When someone asks you the same thing over and over hoping for a different answer, it can be tough to deal with, but you can handle it.

“A man wrapped up in himself makes a very small bundle.” — Benjamin Franklin

A reader brought my an interesting problem recently. A friend keeps asking her to come visit. The problem is, duh, COVID! She's said no many times, but the friend is persistent. What to do?

I had a friend like that. She completely occupies every space she inhabits. It's like she and her ego burst the seams of any situation, leaving little room for you or anyone else. But there's something about her— I love her and value the friendship; it's just hard to get through sometimes.

She's always right about everything, and it's her way or the highway; I think she's literally said that out loud.  The funny thing is, she usually is right, and her way always works well.  She is annoyingly, at times, correct.

In the last few months, she too has called repeatedly to tell me she's coming to visit —during a global pandemic. We live far from each other, and I would love to see her, but certainly not now. We have many things in common, but how serious we take the pandemic is not one of them. She feels that it's a terrible thing, and everyone should stay home and do things virtually, just not her. It's like her ego kicks in and somehow gives her superpowers.  Plus, my friend is bored and experiencing COVID fatigue — who isn't?

Every time she calls to tell me she's coming, I tell her that we should wait for better days. It simply isn't safe right now. She agrees that COVID numbers are increasing at an alarming rate and feels sorry for those affected by the pandemic. But, while a virtual world is adequate for the rest of us, it isn't enough for her. She acts as though she's immune — the superpowers, I guess.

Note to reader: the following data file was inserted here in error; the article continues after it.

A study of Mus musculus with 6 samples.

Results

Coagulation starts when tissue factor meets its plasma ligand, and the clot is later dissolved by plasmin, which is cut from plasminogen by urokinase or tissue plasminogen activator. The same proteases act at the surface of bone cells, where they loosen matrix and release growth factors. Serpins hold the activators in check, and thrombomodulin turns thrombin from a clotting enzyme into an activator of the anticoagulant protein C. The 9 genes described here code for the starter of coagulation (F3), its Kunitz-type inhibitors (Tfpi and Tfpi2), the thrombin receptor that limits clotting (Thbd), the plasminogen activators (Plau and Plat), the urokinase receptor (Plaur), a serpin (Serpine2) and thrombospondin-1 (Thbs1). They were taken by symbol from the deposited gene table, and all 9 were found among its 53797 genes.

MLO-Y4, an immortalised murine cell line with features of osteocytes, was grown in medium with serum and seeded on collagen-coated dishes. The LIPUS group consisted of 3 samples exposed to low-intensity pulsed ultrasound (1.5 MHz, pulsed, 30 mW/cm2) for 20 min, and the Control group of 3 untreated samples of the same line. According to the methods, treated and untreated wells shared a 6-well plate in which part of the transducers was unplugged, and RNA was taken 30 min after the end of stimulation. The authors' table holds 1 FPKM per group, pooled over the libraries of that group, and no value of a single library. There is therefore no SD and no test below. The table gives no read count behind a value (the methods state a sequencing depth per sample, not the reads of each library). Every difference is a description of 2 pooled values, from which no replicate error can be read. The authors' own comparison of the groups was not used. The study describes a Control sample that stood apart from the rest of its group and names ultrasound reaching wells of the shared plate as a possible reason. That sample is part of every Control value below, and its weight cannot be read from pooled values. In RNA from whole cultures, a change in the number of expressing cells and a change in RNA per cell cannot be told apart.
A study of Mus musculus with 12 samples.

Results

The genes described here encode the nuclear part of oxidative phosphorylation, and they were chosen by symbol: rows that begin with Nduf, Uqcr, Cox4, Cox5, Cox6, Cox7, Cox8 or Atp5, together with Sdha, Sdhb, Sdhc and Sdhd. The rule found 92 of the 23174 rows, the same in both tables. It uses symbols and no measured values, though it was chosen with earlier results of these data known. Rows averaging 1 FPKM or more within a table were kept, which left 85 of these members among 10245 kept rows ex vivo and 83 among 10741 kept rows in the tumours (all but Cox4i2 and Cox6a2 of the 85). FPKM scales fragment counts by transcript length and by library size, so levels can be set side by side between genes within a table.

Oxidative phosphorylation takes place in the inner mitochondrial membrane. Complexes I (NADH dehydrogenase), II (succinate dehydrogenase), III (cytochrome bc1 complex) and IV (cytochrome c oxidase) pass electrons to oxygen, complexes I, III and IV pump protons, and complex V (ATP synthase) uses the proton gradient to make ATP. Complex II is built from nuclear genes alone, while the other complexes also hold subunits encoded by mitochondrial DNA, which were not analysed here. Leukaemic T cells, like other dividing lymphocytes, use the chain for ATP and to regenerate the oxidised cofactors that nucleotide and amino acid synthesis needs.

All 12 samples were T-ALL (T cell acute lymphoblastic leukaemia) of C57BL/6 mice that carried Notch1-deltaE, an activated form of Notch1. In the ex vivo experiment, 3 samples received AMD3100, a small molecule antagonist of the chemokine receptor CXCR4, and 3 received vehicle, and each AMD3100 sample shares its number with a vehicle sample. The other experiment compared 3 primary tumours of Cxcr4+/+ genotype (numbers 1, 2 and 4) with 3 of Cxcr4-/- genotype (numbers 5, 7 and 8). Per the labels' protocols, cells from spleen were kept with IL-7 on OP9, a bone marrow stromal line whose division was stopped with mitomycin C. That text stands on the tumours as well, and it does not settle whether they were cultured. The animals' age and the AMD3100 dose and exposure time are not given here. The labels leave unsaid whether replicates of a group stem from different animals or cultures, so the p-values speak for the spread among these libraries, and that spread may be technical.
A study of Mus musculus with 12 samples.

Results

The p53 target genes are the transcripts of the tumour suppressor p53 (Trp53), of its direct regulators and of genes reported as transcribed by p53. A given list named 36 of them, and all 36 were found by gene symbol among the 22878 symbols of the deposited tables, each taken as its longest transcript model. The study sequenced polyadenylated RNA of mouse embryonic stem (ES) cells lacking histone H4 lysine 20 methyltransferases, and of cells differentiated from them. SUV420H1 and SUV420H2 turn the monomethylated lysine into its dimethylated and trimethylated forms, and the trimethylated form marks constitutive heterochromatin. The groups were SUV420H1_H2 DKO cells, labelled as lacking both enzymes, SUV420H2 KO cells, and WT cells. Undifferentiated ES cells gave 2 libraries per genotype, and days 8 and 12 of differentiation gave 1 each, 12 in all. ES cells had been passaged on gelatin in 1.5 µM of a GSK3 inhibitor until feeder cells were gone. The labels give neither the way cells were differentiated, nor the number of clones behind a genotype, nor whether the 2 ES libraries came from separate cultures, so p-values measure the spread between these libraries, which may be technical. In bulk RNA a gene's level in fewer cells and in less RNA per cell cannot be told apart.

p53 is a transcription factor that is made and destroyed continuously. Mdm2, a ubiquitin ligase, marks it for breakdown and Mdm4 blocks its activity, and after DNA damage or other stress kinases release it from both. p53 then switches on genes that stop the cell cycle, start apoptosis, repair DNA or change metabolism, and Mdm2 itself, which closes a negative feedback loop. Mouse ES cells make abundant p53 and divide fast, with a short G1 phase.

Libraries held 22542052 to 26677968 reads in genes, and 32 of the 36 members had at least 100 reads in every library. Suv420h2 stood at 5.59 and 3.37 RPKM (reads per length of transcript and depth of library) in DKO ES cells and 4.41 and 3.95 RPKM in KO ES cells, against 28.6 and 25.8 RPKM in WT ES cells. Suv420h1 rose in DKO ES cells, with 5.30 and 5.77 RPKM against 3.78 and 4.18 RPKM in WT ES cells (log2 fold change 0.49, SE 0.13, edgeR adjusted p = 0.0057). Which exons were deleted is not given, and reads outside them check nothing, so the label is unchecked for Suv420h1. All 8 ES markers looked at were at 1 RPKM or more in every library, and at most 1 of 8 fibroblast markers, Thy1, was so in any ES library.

The last time she called, I had to prick through her ego's bubble and firmly tell her that we all are at risk; the virus doesn't discriminate. It can infect anyone. I told her that I am scared and want her to be safe. I do not want her to take chances with her health; I want her around. 

I highly value our friendship and treasure when we can be together in-person. Extended periods can pass, but when we meet, we pick up like we were together yesterday. We have a long history together; our lifetimes.  My friend knows me, and I know her—our friendship is irreplaceable.  

We've experienced much loss between us. I told her that I couldn't bear any more severe illnesses, or God forbid, funerals. She must realize that she has to be more careful. Her family needs her, and so do I—ego and all. 

I think I finally got through to her—our last FaceTime had a few tears and virtual hugs. She even said I was right—I'm having that carved in stone.  

Sometimes, we have to appeal to "hot buttons" to be heard by those who cannot take "no" for an answer. Be careful, and do not abuse the "buttons."

And this, too, shall pass — eventually. Meanwhile, my friend will have to use her superpowers to command a virtual world, and I'll be with her all the way.